What is an FHA loan?
An FHA loan is a mortgage insured by the Federal Housing Administration. Borrowers with FHA loans pay for mortgage insurance, which protects the lender from a loss if the borrower defaults on the loan.
Benefits of FHA Loans: Low Down Payments and Less Strict Credit Score Requirements
Typically an FHA loan is one of the easiest types of mortgage loans to qualify for because it requires a low down payment and you can have less-than-perfect credit. For FHA loans, down payment of 3.5 percent is required for maximum financing. Borrowers with credit scores as low as 500 can qualify for an FHA loan.
Borrowers who cannot afford a 20 percent down payment, have a lower credit score, or can’t get approved for private mortgage insurance should look into whether an FHA loan is the best option for their personal scenario.
Another advantage of an FHA loan it is an assumable mortgage which means if you want to sell your home, the buyer can “assume” the loan you have. People who have low or bad credit, have undergone a bankruptcy or have been foreclosed upon may be able to still qualify for an FHA loan.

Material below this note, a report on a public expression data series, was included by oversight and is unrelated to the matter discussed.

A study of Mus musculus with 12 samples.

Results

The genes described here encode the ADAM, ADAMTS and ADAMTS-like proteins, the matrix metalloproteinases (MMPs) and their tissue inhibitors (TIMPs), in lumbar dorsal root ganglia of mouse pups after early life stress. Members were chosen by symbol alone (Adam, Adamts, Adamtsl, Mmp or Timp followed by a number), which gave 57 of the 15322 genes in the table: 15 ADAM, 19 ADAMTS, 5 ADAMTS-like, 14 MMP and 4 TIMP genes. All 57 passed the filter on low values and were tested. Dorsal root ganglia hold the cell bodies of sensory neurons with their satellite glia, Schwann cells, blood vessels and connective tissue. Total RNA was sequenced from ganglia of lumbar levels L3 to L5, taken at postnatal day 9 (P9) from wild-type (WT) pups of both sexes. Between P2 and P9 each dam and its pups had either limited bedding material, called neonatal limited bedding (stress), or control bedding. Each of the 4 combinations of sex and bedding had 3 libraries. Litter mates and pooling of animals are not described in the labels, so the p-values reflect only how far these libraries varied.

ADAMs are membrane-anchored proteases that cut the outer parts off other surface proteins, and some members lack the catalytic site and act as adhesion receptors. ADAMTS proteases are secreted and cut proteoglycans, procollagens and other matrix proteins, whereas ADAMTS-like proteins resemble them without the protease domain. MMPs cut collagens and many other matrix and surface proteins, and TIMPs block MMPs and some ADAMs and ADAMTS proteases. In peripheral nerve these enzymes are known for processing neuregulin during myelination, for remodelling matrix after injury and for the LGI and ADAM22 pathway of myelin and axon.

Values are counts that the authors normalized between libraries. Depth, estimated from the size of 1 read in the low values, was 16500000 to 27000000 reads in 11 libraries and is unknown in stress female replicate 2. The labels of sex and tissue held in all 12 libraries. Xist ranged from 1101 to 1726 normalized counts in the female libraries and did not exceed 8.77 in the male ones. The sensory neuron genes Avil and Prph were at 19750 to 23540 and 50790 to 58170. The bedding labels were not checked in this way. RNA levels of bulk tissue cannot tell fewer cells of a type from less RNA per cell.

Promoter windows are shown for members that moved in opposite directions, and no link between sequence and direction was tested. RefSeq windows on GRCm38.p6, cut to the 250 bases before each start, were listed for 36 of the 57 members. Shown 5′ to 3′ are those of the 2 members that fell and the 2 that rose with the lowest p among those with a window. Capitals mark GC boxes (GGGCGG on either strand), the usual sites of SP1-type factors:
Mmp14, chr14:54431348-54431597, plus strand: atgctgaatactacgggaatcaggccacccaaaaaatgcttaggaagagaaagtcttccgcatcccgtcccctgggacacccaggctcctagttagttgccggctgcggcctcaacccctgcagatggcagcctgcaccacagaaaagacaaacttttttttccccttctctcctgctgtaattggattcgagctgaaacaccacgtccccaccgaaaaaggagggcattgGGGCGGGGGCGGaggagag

Why people get FHA loans
Because of that insurance, lenders can -- and do -- offer FHA loans at attractive interest rates and with less stringent and more flexible qualification requirements. The FHA is an agency within the U.S. Department of Housing and Urban Development.
Here are four facts that borrowers should know about FHA loans.
1) Minimum credit scores for FHA loans depend on the type of loan the borrower needs. To get a mortgage with a down payment as low as 3.5 percent, the borrower needs a credit score of 600 or higher.
2) FHA borrowers can use their own savings to make the down payment. But other allowed sources of down payment include a gift from a family member or from a 401K account.
3) The FHA allows home sellers, builders and lenders to pay some of the borrower's closing costs, such as an appraisal, credit report or title expenses.
4) The FHA has a special loan product for borrowers who need extra cash to make repairs to their homes. The chief advantage of this type of loan, called a 203(k), is that the loan amount is not based on the current appraised value of the home, but on the projected value after the repairs are completed.
A so-called "streamlined" 203(k) allows the borrower to finance up to $35,000 for nonstructural repairs, such as painting and replacing cabinets or fixtures.